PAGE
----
Ryan Poehling Continues Growth at St. Cloud
"If you want to get off, you've got to skate off."
Not yet old enough to even attend Kindergarten, Ryan Poehling — long before imagining a future high school state championship, a career at St. Cloud State, and a first-round NHL draft selection by the Montreal Canadiens — was introduced to the ice by his mother, Kris.
At the time, his older brothers, twins Nick and Jack, almost two and a half years older than Ryan, were already making good use of their backyard rink in Lakeville, Minn., a suburb just south of the Twin Cities.
Ryan, meanwhile, seemed less excited by it. And the notion that, one day, the three would play Division I college hockey together likely seemed preposterous.
"When you have older brothers, you usually want to do what they do, but I was actually the opposite at first," Ryan said. "We had a backyard rink, and I didn't want to play hockey. I was about four or five years old, and my mom would always put me out onto the ice.
"I would sit down and cry, and she would say, 'If you want to get off, you've got to skate off.' She probably did that for a couple of months."
In retrospect, it's a good thing she did. With guidance and — clearly — some tough love, too, Poehling not only grew to like hockey, but quickly excelled at it. Growing up in the so-called 'state of hockey' added its own pressure, no doubt, but as Ryan grew older, he found himself playing with his older brothers, their friends, and generally with players who were bigger and stronger.
"Whether it was playing hockey, football, basketball, or even soccer, I would just want to fit in with the older guys," Poehling said. "I think that's kind of where I picked up my competitive nature. It became a habit of mine to try harder to fit in. I have to thank those guys for pulling me up without even knowing it."
Eventually, Ryan centered the top line for a dominant, undefeated (31-0-0) Lakeville North team in 2014-15 that won the prestigious high school state title in Minnesota. His linemates were — who else? — brothers Nick and Jack.
The trio ended the season as the top three scorers in the state.
"Growing up, all of us, we'd go to the state high school tournament," Ryan said. "Me, Nick, and Jack — we'd all get to pick a game to go to with my dad. We'd either go on Thursday, Friday, or Saturday. For us, growing up, you'd watch Aaron Ness, Nick Leddy, guys like that , and you'd look up to them and see them win state tournaments. To go out there and actually do it, especially with your two brothers, that's something special. It's one of those moments that I won't forget."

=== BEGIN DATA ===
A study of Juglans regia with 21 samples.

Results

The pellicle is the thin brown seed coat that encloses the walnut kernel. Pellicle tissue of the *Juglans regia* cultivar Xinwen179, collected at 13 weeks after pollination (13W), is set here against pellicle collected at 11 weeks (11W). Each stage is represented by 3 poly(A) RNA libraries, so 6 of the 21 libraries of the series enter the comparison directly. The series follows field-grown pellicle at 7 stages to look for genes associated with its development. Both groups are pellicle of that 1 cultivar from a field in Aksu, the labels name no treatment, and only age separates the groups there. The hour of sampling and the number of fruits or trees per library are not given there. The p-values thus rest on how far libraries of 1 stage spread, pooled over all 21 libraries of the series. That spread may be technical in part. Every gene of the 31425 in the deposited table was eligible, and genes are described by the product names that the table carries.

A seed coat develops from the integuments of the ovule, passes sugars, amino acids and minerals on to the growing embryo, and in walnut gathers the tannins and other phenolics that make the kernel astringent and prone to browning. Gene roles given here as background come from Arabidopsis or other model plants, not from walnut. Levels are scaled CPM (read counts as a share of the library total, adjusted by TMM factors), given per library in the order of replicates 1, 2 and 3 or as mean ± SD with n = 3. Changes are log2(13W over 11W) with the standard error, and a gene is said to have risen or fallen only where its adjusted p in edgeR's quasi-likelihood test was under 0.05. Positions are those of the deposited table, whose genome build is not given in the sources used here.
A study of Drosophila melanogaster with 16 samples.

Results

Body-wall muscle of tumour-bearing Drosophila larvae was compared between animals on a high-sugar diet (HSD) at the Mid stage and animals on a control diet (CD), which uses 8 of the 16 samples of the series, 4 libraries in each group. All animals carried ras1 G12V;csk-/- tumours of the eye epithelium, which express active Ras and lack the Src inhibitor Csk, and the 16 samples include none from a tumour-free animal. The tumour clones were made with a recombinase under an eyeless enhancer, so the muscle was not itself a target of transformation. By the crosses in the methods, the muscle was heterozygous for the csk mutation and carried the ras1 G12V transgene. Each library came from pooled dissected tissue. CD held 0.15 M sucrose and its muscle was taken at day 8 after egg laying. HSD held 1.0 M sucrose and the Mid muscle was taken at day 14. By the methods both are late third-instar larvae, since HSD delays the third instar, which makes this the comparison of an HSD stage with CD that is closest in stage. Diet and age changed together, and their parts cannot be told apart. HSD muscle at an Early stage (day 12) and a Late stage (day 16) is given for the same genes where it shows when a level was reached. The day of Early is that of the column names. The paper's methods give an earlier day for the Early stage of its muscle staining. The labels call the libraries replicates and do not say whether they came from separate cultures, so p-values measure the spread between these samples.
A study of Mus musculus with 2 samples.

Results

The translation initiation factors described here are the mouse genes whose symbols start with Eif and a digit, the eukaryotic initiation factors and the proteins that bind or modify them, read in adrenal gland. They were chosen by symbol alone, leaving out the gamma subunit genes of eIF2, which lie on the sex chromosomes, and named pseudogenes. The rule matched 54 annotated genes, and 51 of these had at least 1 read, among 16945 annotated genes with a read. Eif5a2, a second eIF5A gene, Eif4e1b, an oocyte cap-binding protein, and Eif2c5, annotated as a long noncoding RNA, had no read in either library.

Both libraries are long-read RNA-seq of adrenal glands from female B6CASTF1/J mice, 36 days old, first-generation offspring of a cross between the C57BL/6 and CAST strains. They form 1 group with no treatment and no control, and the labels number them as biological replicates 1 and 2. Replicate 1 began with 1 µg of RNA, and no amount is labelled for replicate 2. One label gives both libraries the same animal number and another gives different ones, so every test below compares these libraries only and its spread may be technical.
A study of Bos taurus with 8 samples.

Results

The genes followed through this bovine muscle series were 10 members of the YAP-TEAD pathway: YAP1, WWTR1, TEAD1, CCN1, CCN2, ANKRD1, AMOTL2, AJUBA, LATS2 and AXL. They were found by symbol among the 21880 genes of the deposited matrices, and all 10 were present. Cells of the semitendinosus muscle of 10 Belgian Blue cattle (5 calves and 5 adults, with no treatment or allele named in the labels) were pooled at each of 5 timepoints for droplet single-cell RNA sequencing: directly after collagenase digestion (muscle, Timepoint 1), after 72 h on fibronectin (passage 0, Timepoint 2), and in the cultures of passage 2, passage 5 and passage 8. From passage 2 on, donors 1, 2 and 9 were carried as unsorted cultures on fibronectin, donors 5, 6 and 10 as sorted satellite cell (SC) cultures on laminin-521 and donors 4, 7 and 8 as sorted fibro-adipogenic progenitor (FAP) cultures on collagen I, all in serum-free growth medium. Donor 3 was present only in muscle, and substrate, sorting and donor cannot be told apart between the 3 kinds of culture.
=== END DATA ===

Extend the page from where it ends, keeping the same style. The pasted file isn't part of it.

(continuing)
Ryan ultimately chose to join his brothers at St. Cloud State — where the three are all sophomores, now. As a freshman last year, he was the youngest player not only at St. Cloud, but in all of Division I men's college hockey. And after chipping in with seven goals and six assists, Poehling has quickly matched his total point production from last season already.
In parallel, the Huskies (9-2) are off to a strong start, too, entering this weekend's play as the No. 1 team in the early Pairwise.
"Our team's better, and I'm doing better," said Poehling, one of three St. Cloud players currently averaging over a point per game. "I had a good offseason. I worked on the things I needed to work on, especially my strength and my skating. I've seen those things improve tremendously, and I've seen those strengths overcome everything else.
"Last year, I took a step back, and I think I learned some stuff on the defensive end that I had never really had to do, or that I'd gotten away with more. Fast forwarding to this year, it's combining both of my games. I have the offensive ability, but at the same time, I feel like I can play on the defensive side. That's the biggest part of my growth, being a two-way player."
That will come as welcome news not only to St. Cloud fans, but to the Montreal Canadiens as well — the organization that selected Poehling with the No. 25 overall pick in June's NHL draft, with general manager Marc Bergevin noting after the draft that Poehling is the "type of player you can win with." And that experience hasn't fazed Poehling at all, as the sophomore center insists that he welcomes the added pressure that goes with being a first-round pick.
"People expect more from you, and they hold you to higher standards — and they should," said Poehling, whose uncle, Stan Palmer, was also drafted by Montreal, 40 years earlier. "There aren't many people who have been drafted in the first round, at least each year, so you should take it as a compliment and want to be a better guy. It holds you to a higher standard, and that's how it should be."
For St. Cloud, the standards are high this season, too — as a legitimate title contender not only in the grueling NCHC but nationally as well. Their only two losses this season both came in mid-November to Denver, the reigning national champions. The Huskies get another shot at the Pioneers — a team Poehling calls the 'most skilled team in the nation' — at the end of February, as part of a grueling stretch run that, of course, will be here in no time.
And even further down the line? As the Poehlings are well aware, this year's NCAA Frozen Four takes place in St. Paul, Minnesota — in the same building where Ryan, Nick, and Jack capped off their perfect season in high school. It's also just a half an hour from that backyard rink where Ryan Poehling learned to skate.
At the time, perhaps — hearing "If you want to get off, you've got to skate off" — he didn't have much of a choice.
Since then? He seems to have made all the right ones.